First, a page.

Travelers wearing protective face masks to prevent the spread of the coronavirus disease (COVID-19) reclaim their luggage at the airport in Denver, Colorado, U.S., November 24, 2020.
Travelers wearing protective face masks to prevent the spread of the coronavirus disease (COVID-19) reclaim their luggage at the airport in Denver, Colorado, U.S., November 24, 2020. Reuters / Kevin Mohatt

The United States will drop from Sunday a 17-month-old requirement that people arriving in the country by air test negative for COVID-19, an official said, a move that follows intense lobbying by the airlines and the travel industry.

A formal announcement will be made later on Friday. The step comes as the busy summer travel season is kicking off and air carriers were already preparing for record demand. Airlines have said many Americans are not traveling internationally because of concerns they will test positive and be stranded abroad.

The Centers for Disease Control and Prevention (CDC) has determined that the science and data show the pre-departure COVID tests are no longer necessary, said the official, who declined to be named.

The measure will come into effect at 12:01 a.m. on Sunday and the CDC will reassess the decision in 90 days, the official said.

The United States has required incoming international air travelers to provide pre-departure negative tests since January 2021. In December the CDC tightened the rules to require travelers to test negative within one day before flights to the United States rather than three days.

The CDC has not required testing for land border crossings.

The official said, "If there is a need to reinstate a pre-departure testing requirement -- including due to a new, concerning variant -- CDC will not hesitate to act."

Many countries in Europe and elsewhere have already dropped testing requirements.

The CDC is still requiring most non-U.S. citizens to be vaccinated against COVID to travel to the United States.

Two officials told Reuters the administration had considered lifting the testing rules only for vaccinated travelers.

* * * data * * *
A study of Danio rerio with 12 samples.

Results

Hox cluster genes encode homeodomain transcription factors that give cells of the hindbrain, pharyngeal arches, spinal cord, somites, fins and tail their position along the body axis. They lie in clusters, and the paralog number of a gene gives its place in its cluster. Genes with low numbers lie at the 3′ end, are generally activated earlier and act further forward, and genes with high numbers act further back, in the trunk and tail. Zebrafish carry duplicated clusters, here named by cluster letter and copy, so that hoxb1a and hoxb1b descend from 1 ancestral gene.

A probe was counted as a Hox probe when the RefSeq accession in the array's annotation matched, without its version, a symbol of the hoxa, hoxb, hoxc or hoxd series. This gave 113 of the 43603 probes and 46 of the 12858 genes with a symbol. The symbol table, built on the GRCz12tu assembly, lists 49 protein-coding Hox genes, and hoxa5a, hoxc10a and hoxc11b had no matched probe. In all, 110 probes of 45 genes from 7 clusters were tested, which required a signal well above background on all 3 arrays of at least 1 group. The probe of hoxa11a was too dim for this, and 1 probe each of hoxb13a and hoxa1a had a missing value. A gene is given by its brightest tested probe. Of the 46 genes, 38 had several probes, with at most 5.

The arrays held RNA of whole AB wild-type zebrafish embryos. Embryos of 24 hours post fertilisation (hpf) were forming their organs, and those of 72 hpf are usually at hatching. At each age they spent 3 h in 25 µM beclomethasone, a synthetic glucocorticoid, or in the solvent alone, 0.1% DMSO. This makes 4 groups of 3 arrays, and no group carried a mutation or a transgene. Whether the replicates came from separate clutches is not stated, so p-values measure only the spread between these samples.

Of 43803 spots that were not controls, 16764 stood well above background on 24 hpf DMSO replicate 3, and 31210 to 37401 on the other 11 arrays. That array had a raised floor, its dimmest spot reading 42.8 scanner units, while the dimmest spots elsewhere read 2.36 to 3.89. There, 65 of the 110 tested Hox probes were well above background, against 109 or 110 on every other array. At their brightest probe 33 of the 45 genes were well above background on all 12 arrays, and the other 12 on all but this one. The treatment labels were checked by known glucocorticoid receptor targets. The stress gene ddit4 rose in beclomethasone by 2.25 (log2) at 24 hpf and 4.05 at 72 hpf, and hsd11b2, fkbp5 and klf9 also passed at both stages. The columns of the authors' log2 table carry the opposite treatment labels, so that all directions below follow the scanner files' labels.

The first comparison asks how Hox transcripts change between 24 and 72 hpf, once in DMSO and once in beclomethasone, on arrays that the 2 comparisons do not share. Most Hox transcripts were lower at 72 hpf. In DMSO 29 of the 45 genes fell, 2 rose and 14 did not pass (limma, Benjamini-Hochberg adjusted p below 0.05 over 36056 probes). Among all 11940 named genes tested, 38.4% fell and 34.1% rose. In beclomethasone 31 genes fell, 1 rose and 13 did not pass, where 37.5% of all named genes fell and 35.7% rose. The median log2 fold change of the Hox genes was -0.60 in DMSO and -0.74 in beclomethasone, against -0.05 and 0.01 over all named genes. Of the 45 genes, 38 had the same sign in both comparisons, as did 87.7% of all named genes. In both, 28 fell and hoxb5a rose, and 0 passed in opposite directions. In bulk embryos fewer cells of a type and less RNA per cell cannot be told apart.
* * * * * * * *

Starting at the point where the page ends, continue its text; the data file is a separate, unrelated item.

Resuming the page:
Airlines for America, a trade group representing major airlines, said "lifting this policy will help encourage and restore air travel to the United States."

IATA, the world's biggest airline trade group, welcomed what it called "great news" that the administration is "removing the ineffective pre-departure COVID test for travel to the US."

In April, a federal judge declared the CDC's requirements that travelers wear masks on airplanes and in transit hubs like airports unlawful and the administration stopped enforcing it. The Justice Department has appealed the order but no decision is likely before fall at the earliest.


American Airlines Chief Executive Robert Isom said last week at a conference that the testing requirements were "nonsensical" and were depressing leisure and business travel.

Many lawmakers had pressed the Biden administration to lift the testing rules, recently contacting senior White House officials to make the case.

"I'm glad CDC suspended the burdensome coronavirus testing requirement for international travelers," Nevada Senator Catherine Cortez Masto said.

Raymond James said in a research note that lifting the restrictions "is an important catalyst for international travel."

Delta Air Lines Chief Executive Ed Bastian told Reuters last week that dropping the requirements will boost travel, noting that 44 of 50 countries Delta serves do not require testing.

U.S. Travel Association CEO Roger Dow said Friday's move will "accelerate the recovery of the U.S. travel industry," which was hard hit by the pandemic.